Throughout the history of professional athletics, fans have dreamed of fantasy matchups pitting the greatest of all time in head-to-head matchups — as if the debates that rage on could somehow put a definitive stamp on who, ultimately, is the best ever in one particular sport.
Currently, it’s hard to escape the Michael Jordan-LeBron James argument. Jordan, he of six rings, 10 scoring titles and an evolving game that saw him mature from a high-flying freak of nature to a cerebral assassin, never had a true match on the court. But he’s somehow found a hypothetical match in King James, a physical freak of nature in his own right who has only scratched the surface of his potential.
How awesome would it be to see a 30-year-old Jordan come back to battle James one-on-one today?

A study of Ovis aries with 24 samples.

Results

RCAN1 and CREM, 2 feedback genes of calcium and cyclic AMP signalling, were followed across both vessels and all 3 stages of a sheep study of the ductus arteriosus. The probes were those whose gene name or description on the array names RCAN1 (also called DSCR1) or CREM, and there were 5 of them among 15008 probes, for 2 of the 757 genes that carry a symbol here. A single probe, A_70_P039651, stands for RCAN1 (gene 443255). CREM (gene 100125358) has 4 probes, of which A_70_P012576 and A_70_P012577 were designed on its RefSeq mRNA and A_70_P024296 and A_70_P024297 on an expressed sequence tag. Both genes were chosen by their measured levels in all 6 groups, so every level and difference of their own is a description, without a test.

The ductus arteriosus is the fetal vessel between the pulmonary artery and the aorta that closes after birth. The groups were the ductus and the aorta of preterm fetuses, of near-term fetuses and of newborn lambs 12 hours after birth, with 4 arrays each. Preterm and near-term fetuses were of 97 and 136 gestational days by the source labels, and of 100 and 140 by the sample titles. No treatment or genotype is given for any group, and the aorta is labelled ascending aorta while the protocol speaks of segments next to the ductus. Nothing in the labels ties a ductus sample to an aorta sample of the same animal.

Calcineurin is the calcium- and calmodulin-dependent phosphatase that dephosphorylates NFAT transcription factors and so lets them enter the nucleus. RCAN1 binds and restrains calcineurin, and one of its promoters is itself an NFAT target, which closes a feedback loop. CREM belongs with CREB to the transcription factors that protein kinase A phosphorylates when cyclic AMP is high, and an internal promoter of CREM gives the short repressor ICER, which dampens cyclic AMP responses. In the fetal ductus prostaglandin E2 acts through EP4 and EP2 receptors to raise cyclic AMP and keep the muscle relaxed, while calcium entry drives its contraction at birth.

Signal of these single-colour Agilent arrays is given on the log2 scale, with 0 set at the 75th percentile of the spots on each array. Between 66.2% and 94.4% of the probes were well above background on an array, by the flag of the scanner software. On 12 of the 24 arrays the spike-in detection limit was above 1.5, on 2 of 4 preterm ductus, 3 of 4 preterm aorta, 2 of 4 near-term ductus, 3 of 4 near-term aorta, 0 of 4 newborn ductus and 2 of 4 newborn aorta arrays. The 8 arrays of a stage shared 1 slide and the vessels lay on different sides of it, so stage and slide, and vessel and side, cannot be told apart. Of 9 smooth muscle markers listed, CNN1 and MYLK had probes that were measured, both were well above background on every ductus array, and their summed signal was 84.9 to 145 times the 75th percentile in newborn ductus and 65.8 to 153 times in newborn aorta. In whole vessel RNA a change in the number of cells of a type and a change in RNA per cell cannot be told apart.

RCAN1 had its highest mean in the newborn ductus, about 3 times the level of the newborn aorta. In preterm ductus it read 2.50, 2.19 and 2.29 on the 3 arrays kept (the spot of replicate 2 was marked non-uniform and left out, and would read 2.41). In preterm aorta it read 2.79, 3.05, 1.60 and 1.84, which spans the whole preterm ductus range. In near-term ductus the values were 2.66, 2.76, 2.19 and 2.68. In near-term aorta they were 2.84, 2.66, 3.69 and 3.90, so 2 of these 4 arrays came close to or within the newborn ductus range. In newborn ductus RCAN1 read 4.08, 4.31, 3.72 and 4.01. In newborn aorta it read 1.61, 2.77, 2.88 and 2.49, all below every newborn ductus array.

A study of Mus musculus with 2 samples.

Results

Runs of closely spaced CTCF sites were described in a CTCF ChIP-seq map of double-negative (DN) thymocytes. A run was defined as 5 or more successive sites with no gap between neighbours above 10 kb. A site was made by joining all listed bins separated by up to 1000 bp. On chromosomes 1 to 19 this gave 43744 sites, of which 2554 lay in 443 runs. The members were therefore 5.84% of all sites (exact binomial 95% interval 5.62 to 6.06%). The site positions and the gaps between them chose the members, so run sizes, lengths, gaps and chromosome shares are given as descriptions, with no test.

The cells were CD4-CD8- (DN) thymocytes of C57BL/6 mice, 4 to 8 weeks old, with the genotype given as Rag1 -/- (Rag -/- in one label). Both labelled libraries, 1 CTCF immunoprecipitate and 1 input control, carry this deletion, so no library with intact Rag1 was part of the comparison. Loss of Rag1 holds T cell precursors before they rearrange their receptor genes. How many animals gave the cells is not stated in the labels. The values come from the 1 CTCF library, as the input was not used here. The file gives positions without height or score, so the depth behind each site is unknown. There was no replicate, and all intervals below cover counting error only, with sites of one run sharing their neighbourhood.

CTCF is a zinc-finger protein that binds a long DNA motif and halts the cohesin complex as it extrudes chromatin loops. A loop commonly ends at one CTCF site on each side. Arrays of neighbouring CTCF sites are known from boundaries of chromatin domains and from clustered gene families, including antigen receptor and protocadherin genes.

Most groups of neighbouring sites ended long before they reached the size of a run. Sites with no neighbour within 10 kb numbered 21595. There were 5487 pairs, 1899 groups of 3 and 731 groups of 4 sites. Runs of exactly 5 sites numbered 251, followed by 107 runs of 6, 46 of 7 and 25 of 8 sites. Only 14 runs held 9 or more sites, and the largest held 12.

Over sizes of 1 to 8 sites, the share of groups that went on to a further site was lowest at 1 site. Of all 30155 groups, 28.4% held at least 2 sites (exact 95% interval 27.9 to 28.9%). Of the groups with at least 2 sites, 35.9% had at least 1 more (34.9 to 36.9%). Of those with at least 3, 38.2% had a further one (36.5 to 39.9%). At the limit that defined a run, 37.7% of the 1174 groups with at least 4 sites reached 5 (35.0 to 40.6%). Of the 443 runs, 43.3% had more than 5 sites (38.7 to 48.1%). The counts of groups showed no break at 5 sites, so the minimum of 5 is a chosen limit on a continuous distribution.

What about hockey? What die-hard hockey fan wouldn’t love to see players like Wayne Gretzky, Mario Lemeiux, Bobby Orr and Gordie Howe play head-to-head in their primes? In fact, let’s empty the ice and put each one of them through a series of skill competitions and end this debate right now.
In baseball, we could tackle two topics at the same time. We could line up Tom Seaver, Bob Gibson, Sandy Koufax and Nolan Ryan and see how they handle Babe Ruth, Ted Williams, Lou Gehrig and Joe DiMaggio. Best pitcher and best hitter could be decided in the same afternoon.
Of course, until science intervenes and discovers a way to bring people back to their youth, these arguments are pointless, not to mention nonsensical because it’s hard to agree on the definition of greatness.
Yet, here we sit just two days before the Denver Broncos and New England Patriots meet in the AFC Championship game, again wondering which quarterback is better: the Broncos’ Peyton Manning or the Patriots’ Tom Brady.